Photo taken on June 9, 2019 shows banners for Shanghai Cooperation Organization (SCO) summit on a street in Bishkek, capital of Kyrgyzstan. The 19th meeting of the Council of Heads of State of the SCO will be held in Bishkek on June 13-14. (Photo: Xinhua)
Since its inception in 2001, the Shanghai Cooperation Organization has developed its organizational structure, built a network of formal ties with other states and multilateral institutions, and furthered the agenda in an incremental way so member states can come up with broader economic, political and security objectives.
Since the establishment of the SCO, the world has undergone several transformations. The SCO member states, including the original members and the newly inducted ones, have seen their national security landscapes change. Security threats have changed on the regional and global fronts, as well.
The medium and focus of cooperation have also changed. Some of the countries that led the "economic revolution" have succumbed to internal and external pressures in the 21st century and lost the ground to emerging market economies. Perhaps this has prompted a change in government in some developed countries and spurred them to implement unilateral and trade protectionist policies.
Against this background, the SCO is holding its 19th summit in Bishkek, Kyrgyzstan, on Thursday and Friday. Which makes this the right time to examine the SCO's development and where it appears to be headed.
To start with, the major powers in the grouping hold the key to address some of the burning issues. Although the SCO aims to bolster the standing of the region based on mutual cooperation, mutual benefit has been facilitated by "major country relationships" within the forum. One substantial change toward which the SCO is moving is the necessity to make bilateral relations and trilateral cooperation mutually reinforcing. The bilateral equations in the India-Russia-China triangle are a critical determinant of the scope and tenor of SCO cooperation.
The India-Russia strategic partnership is based on shared perspectives and economic engagement, particularly in energy. Trade and investment dominate the India-China comprehensive partnership, which also includes cooperation on the international economic agenda. These two bilateral relationships have coincided with the strengthening of the Russia-China strategic partnership with a strong political content and synergy in the field of energy.
But that also means China, Russia and India carry the responsibility of adopting a more structural approach in order to revitalize the importance of forums such as the SCO.
Inducted as a full SCO member in 2017, India adds immense value to this partnership. Since the SCO is primarily aimed at meeting the challenges Asia faces, India is conscious of its rising role within this forum.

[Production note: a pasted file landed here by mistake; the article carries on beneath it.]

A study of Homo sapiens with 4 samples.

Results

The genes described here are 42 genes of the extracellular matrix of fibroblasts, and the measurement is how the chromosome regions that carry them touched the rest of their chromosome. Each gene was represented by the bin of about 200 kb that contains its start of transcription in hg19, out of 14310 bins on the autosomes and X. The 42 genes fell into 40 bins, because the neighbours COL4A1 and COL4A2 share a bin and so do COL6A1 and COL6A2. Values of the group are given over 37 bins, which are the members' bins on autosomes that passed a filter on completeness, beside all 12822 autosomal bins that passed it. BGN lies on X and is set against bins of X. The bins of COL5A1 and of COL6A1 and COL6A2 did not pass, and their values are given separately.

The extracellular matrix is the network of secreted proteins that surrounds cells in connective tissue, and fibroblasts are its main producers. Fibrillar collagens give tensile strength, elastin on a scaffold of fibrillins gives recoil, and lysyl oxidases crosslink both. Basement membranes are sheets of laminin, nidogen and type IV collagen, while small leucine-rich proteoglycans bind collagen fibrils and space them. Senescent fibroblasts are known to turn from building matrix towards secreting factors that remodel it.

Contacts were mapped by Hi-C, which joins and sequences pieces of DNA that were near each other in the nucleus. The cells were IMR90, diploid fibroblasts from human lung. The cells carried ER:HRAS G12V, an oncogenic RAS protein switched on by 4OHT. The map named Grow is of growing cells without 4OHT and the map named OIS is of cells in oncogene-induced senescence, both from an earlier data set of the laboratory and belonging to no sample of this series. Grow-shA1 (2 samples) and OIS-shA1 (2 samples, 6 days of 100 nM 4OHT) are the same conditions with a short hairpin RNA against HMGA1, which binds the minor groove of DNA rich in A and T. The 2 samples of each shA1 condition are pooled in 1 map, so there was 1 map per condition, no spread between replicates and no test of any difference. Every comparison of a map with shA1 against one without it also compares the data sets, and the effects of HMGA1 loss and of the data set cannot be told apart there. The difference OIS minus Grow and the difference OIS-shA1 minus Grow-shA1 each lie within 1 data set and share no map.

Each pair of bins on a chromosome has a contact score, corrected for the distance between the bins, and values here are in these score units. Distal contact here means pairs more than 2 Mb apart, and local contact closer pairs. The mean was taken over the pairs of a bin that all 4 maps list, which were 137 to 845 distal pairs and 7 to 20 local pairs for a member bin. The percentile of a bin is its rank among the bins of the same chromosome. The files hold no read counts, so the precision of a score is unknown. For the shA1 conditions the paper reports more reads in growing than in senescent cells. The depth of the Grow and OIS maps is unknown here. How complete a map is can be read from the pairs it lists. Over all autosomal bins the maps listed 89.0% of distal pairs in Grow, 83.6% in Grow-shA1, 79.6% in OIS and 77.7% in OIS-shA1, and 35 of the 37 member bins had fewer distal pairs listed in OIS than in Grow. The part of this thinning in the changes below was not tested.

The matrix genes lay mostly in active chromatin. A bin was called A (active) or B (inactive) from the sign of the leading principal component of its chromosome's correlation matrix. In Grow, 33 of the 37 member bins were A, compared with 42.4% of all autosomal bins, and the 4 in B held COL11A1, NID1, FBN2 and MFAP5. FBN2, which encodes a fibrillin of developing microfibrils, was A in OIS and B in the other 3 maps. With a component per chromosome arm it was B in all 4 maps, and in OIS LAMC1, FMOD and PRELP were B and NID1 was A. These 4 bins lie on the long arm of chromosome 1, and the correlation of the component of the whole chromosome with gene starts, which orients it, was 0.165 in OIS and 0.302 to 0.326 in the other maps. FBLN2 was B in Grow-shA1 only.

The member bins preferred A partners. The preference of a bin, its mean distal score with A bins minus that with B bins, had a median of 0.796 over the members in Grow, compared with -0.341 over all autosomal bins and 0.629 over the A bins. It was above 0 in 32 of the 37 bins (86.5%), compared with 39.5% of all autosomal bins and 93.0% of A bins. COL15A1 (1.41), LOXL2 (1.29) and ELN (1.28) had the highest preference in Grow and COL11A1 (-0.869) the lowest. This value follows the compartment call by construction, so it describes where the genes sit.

The Bishkek summit addresses urgent issues including finding ways to resist some economies' attempts to reverse the trend of economic globalization and create parallel trade models. Beyond trade, the summit also needs to reinforce its commitment to promoting infrastructure connectivity and free flow of investment.
Besides, the summit should emphasize the need to look for alternative models of sustainable development. Speaking at the recently concluded International Economic Forum in St. Petersburg, President Xi Jinping and Russian President Vladimir Putin supported the idea of "creating a sustainable development agenda" by rehabilitating and redeveloping local industries and exploring markets in new areas.
China has taken a lead in Asia as far as artificial intelligence and research and development in technologies are concerned. And the emerging market economies have embraced information and communications technology (ICT) to the benefit of their societies. Still, the SCO member states need to do more to bring optimum benefits of ICT to their people.
India, with a new government in place, seems prepared to cope with the pressure created by the United States' unilateral sanctions and tariffs by looking for new areas of cooperation. It also needs stable supply of energy. So it would like to have more access to the Chinese and Russian markets.
Terrorism is the biggest security threat to the region. The nature and manifestation of terrorism may have changed since the Sept 11, 2001, attacks on the US, but recent terrorist attacks in different parts of the globe show terrorism continues to be the biggest non-traditional security threat for countries.
Forums such as the SCO represent a growing number of countries' goal of establishing or deepening relations with each other so they can join hands to resolve regional issues, which in turn will help resolve international issues.
A balanced set of bilateral relations between China, Russia and India as well as the other SCO member states will lead to more effective cooperation and better promote multipolarity in the world order. Better bilateral awareness of opportunities will enrich the economic relationships between member states. And open bilateral and multilateral dialogues can resolve even the knottiest of issues and make the SCO a more vibrant organization.
The author is a senior research fellow at HSBC Business School, Peking University. The views don't necessarily represent those of China Daily.